Counting sheep and listening to lullabies can only get you so far. The experts from The Sleep Matters Club powered by Dreams reveal some common bedtime mistakes you might not even know you’re making – and how to avoid them
Caffeinated midnight snacking
Caffeine is a stimulant and in moderate doses can block sleep neurotransmitters causing insomnia. Foods high in refined sugar like breakfast cereals, breakfast bars and pasta sauces can stress the organs in charge of hormone regulation causing you to wake in the night as your levels fluctuate. Snack on foods that contain tryptophan. This amino acid is needed by the body to produce serotonin, which in turn makes melatonin – a hormone that helps to control your sleep cycles. Foods that are high in tryptophan include yogurt, milk, banana, eggs and turkey.
Catching up on sleep
It’s a common misconception about sleep debt: you accumulate lost hours of sleep that you can pay back later on, and your body will be fine.However sleep debt isn’t a straight balance. Most people only usually need two or three good night’s sleep to get back to normal after serious sleep deprivation.
Sleeping with pets
According to research 63% of pet owners who shared their bed or bedroom with their pet experiences poor quality sleep. Keep your pets in a different room. If they’re exceptionally noisy, consult your vet to rule out any medical problems – they might be making some sleep mistakes themselves!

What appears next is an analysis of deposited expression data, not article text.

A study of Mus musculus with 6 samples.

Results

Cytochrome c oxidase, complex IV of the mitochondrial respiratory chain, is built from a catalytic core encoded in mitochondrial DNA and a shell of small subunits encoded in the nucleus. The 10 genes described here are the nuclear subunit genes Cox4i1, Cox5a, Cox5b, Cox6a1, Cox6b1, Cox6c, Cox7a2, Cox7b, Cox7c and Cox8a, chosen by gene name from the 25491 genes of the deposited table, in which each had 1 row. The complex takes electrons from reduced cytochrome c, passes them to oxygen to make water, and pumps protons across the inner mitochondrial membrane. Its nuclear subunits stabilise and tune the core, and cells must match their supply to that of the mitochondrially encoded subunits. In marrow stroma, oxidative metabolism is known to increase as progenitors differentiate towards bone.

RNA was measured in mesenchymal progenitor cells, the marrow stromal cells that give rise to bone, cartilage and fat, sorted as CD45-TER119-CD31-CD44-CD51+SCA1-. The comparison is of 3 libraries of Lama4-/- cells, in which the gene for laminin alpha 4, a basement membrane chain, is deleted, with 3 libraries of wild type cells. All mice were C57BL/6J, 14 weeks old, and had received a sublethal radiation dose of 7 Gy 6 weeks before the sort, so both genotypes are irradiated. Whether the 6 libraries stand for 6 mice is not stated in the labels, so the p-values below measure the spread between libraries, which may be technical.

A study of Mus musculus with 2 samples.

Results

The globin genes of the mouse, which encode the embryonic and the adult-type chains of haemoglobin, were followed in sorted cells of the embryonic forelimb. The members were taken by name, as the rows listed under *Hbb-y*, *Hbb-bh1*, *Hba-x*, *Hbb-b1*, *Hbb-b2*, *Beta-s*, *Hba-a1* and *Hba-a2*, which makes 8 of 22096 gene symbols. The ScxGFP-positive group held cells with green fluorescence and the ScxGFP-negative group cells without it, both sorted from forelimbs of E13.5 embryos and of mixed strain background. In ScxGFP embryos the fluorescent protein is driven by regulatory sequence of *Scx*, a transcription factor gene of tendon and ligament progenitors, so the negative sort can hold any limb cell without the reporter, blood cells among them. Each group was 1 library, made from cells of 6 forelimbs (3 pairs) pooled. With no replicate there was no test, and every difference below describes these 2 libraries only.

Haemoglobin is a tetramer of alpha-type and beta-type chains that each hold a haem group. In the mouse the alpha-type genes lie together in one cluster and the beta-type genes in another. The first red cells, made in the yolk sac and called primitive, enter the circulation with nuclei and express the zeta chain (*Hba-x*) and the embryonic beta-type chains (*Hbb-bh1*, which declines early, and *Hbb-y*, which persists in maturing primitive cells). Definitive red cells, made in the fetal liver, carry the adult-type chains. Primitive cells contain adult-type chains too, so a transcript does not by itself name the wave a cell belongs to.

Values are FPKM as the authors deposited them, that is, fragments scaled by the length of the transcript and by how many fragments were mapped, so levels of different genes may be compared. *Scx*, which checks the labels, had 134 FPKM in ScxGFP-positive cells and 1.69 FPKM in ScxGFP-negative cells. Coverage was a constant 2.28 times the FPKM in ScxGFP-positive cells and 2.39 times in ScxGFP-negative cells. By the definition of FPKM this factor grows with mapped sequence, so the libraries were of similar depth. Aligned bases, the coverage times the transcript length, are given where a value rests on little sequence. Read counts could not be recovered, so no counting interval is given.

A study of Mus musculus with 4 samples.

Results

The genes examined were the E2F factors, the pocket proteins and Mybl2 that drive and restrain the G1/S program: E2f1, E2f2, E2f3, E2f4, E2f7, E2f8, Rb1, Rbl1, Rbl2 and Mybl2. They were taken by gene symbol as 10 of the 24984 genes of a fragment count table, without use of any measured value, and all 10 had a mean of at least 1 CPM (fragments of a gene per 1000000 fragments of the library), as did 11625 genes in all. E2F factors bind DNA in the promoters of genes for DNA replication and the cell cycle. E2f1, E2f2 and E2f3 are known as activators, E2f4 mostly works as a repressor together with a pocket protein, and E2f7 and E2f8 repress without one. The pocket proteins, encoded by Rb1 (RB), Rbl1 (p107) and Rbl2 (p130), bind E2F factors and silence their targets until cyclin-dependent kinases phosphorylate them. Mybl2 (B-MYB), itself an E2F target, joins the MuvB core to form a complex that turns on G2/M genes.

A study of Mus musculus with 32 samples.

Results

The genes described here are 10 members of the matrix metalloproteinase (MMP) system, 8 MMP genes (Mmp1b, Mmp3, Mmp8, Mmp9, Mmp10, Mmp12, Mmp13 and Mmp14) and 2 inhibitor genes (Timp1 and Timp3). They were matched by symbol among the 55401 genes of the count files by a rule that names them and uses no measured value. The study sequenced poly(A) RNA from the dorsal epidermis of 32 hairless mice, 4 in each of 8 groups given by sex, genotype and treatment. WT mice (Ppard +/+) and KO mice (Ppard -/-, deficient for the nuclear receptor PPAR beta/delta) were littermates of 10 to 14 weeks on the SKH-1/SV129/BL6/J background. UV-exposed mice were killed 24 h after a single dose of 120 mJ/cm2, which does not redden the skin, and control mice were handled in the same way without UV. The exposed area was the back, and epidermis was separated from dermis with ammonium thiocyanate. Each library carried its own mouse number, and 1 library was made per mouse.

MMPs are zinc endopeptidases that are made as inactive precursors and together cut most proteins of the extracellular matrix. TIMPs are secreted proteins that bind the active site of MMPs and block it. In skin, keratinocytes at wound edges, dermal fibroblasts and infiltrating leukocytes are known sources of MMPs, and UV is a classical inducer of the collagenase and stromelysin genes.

Hitting the snooze button
Any extra sleep you get is fragmented making it low quality. You also prepare the body for a new sleep cycle that you won’t have time to finish, resulting in fatigue throughout the day. Set your alarm for when you actually need to get up. Try to set it for the same time every day. This regularity will hopefully mean you should wake up without the need for an alarm.
Having a nightcap
Though alcohol does not allow healthy people to fall asleep quicker, it reduces REM sleep- the phase of sleep associate with deep dreaming. Disruptions in REM sleep may cause daytime drowsiness. Avoid drinking alcohol just before you go to bed. On average, it takes an hour for the body to process one unit of alcohol. Instead opt for herbal teas, such as camomile, which have a sedative effect.
Using Technology before bed
78% of people use a smartphone, tablet of laptop before going to bed. However these gadgets emit blue light, which is said to delay the production of melatonin, the sleep inducing hormone. Give yourself a tech curfew. And move your electronic devices out of the bedroom altogether.
Leaving the TV on
38% of people watch TV to wind down for sleep. However, watching TV before bedtime encourages you to stay up later, harming your sleep cycle and leading to poor quality sleep. Keep TVs out of the bedroom. Alternatively listen to the radio to help you fall asleep.
With a few changes to your bedroom routine you’ll hopefully be dozing off in no time. Sweet dreams!